Rabbis Without Borders
It began when I attended a retreat in Palm Springs, CA, where my friends and I took refuge from the 117-degree heat at a local shopping mall. One friend wanted to test-drive a Tesla, so we headed there, two wide-eyed enthusiasts and I, completely indifferent.
I love the concept of electric cars. However, I would much rather hop in a carpool or take public transportation than drive a car myself. For some, driving is relaxing; for me, it is a stress that I would rather avoid. While my friend signed up to test drive the car, I climbed in the backseat, admiring the high-tech construction and built-in gadgets.
My friend began to drive and my anxiety rose as I listened to the salesman describing the “ludicrous” mode, in which the driver could accelerate from 0-60 miles-per-hour in 2 seconds.
“Would anyone else like to test-drive a Tesla today?” the salesman asked.
Out of nowhere, I heard myself say: “I will.”
Panic set in, and I desperately asked questions about every aspect of the car. The salesman peered into my eyes trying to decide if I should have ever been given a driver’s license and if he should drive us back to the dealership.
My friend interrupted with a steady voice: “Stop asking questions and drive!”
It was a simple enough request. However, here I was, sitting in a Tesla, the open road before me, and I was stuck in “park” afraid of a machine.
Luckily, I listened to my friend and started the car. It felt relaxing, smooth, and quiet. That is when I heard myself say: “Let’s try the ‘ludicrous’ setting.”
Leaning back in the seat, bracing myself, I pressed hard on the accelerator. The next few seconds vacillated between screaming and laughing.
I felt magical, instinctively knowing what to do. Who could have predicted that two seconds of acceleration could be so life-changing?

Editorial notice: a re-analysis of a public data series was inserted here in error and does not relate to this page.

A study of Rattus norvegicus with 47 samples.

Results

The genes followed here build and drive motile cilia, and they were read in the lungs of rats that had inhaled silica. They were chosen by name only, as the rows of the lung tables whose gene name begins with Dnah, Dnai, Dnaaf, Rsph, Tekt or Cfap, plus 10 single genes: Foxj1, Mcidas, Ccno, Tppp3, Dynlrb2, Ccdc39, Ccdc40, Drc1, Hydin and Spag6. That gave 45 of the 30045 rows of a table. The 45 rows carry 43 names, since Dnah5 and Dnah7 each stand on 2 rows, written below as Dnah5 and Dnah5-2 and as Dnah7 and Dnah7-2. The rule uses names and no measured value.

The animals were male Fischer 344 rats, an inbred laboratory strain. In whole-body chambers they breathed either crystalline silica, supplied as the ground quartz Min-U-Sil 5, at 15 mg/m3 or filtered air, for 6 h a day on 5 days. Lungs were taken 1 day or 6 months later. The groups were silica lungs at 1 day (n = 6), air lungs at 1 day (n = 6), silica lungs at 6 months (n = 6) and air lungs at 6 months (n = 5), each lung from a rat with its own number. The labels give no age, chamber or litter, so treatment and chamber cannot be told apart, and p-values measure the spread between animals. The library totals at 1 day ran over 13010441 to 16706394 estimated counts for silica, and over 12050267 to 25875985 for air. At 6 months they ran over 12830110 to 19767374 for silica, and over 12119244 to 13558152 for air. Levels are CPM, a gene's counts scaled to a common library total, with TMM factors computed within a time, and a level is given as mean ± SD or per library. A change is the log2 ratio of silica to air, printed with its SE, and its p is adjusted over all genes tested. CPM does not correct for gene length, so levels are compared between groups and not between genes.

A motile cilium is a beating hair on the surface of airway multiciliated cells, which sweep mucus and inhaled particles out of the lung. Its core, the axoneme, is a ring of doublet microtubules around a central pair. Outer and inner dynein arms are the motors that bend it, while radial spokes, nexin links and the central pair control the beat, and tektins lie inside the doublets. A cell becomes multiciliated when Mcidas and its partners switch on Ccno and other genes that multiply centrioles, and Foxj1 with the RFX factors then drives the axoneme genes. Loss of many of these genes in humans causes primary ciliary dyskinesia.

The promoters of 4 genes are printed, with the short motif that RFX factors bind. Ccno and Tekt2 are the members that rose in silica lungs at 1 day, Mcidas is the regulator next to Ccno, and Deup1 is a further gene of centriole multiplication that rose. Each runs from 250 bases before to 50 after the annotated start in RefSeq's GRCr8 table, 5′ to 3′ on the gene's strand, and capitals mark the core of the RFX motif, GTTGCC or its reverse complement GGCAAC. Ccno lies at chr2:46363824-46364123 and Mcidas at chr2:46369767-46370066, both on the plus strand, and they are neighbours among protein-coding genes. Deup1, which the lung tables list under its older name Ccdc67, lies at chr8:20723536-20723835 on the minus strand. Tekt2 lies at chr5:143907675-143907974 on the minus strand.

After relishing sitting in the front seat of a Tesla, I could no longer deny that I enjoyed driving. The beliefs I had been telling myself of all my fears around driving were inaccurate. I felt an unexpected excitement to travel to new places in a car, to explore beautiful terrains that before had been off-limits because of the perceived limitations of my ability.
Who was this new person I was becoming?
With my friend’s wise words to “Stop asking questions and drive!”, I experienced a profound teshuva in a truly “ludicrous” way. It was not a traditional teshuva, but in those two seconds, I released years of self-doubt, fear, and limitation.
I recognized that every adventure we take is an opportunity to return to our true self.
Sometimes, that means asking for forgiveness and rectifying wrongdoings that led us astray in our capacity to love and connect with others. However, it can also mean letting go of beliefs that no longer serve us, that keep us off track from returning to our true self.
Teshuva can show up as test-driving a Tesla. What will it be for you?